I have come to the conclusion that bitcoin is going to $1,000,000. This number, which you will see tossed out into the crypto narrative, comes from the idea that there are 100 million subunits of bitcoin and if each was worth the quantum unit of 1 U.S. cent, then a bitcoin would be worth $1 million. This is a non sequitur argument as there is no causal link why this should be so. In fact, you can fractionalize a bitcoin satoshi in to as many sub-satoshis as you like. It does have plenty of sizzle as an idea and while it has seemed extremely unlikely to me until now I suddenly see that mirage as being a possibility.
I now believe this is a possibility not because the value of bitcoin will go up, though I believe it will, but because the value of money is about to fall heavily and quite possibly into the depths of monetary hell.
This is why a bitcoin could be worth a million dollars or more.
If there is not a startling recovery in the global economy this year, then government budgets will collapse and those governments will be forced to print cash and monetize bonds. You might say this is QE, but QE isn’t the same thing at all, because it doesn’t print new money and hand it out. It prints new money and swaps it for not so acceptable assets that are a step or two and a haircut or two away from being swapped by others for lovely cash. QE is a generous swap with a kindly pawnshop that is happy to take a view on the creditworthiness of a lot of dodgy assets. Handing out to the general public money still almost wet from the presses because they might get sad and uppity or simply because they need money to pay their mobile bill to keep the phone company solvent to keep their employees working to pay taxes to the government, is another thing entirely. Printing money to spend in that state’s economy is straight South American-style inflationary fiat creation.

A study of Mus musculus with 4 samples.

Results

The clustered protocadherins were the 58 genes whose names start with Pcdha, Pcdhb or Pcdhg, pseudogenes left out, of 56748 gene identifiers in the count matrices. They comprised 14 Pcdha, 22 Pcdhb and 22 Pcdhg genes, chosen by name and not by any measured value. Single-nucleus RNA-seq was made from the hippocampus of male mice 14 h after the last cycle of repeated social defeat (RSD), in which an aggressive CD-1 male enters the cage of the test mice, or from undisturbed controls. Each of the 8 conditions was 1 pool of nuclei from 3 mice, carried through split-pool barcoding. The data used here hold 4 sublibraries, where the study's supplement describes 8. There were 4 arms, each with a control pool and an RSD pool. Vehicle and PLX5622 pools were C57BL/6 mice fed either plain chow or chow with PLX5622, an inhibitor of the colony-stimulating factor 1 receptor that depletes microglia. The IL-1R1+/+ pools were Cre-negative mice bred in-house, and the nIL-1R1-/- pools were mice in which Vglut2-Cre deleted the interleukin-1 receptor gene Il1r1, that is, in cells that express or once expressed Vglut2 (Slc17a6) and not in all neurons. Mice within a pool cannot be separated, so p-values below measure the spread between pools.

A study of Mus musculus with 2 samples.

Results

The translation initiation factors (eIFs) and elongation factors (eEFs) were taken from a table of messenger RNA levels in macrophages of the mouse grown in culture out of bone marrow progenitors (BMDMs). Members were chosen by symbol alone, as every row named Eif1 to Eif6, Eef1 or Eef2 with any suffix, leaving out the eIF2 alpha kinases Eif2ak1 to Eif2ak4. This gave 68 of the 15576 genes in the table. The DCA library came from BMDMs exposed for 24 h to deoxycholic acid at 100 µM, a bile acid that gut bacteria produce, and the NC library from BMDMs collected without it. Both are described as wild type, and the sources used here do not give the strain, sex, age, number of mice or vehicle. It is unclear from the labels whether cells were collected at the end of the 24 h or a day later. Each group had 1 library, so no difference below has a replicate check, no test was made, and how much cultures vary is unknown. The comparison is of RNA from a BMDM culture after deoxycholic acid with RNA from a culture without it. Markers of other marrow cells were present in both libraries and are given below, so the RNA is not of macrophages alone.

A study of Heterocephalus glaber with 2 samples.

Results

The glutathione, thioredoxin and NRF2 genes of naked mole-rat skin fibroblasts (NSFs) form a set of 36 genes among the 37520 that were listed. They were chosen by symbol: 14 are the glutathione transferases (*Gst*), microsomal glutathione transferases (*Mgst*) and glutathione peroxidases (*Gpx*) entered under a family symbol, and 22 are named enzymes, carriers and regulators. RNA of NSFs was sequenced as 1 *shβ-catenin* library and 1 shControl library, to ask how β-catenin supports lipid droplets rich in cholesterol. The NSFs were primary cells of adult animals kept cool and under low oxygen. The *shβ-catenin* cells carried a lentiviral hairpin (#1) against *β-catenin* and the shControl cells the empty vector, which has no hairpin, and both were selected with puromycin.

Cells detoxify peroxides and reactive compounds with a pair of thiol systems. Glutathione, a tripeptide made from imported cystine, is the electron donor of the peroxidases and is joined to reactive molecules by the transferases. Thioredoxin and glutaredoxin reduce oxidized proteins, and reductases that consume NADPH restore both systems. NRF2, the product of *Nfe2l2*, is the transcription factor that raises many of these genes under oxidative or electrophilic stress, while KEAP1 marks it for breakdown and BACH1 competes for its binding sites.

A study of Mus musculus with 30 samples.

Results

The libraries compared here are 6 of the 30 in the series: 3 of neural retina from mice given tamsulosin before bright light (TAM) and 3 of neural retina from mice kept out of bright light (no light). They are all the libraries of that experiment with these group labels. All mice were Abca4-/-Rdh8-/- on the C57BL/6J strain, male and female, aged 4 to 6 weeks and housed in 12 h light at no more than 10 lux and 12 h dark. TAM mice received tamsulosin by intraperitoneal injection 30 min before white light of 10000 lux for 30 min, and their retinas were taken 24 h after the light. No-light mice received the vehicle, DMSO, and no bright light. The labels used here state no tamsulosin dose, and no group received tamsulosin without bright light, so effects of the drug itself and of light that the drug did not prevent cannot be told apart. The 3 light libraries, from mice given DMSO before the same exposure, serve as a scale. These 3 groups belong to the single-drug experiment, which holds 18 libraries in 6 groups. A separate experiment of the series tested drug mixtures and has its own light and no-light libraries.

If tax budgets crater, this is exactly what is going to happen, because “austerity” on the scale necessary to claw back broken budgets is not going to happen and perhaps even shouldn’t. Like it or not, the lockdown has made everyone poorer, in what are highly leveraged economies. The trouble with leverage—as anyone with a nice life style, a pile of debt and sudden unemployment knows—is that leverage is great on the upswing but awful on the downswing. Any trader will tell you, leverage kills and like any leveraged trader caught with the markets in reverse, we must hope for a sudden semi-miraculous reversal in direction to save us from being irreversibly crushed by the mathematics.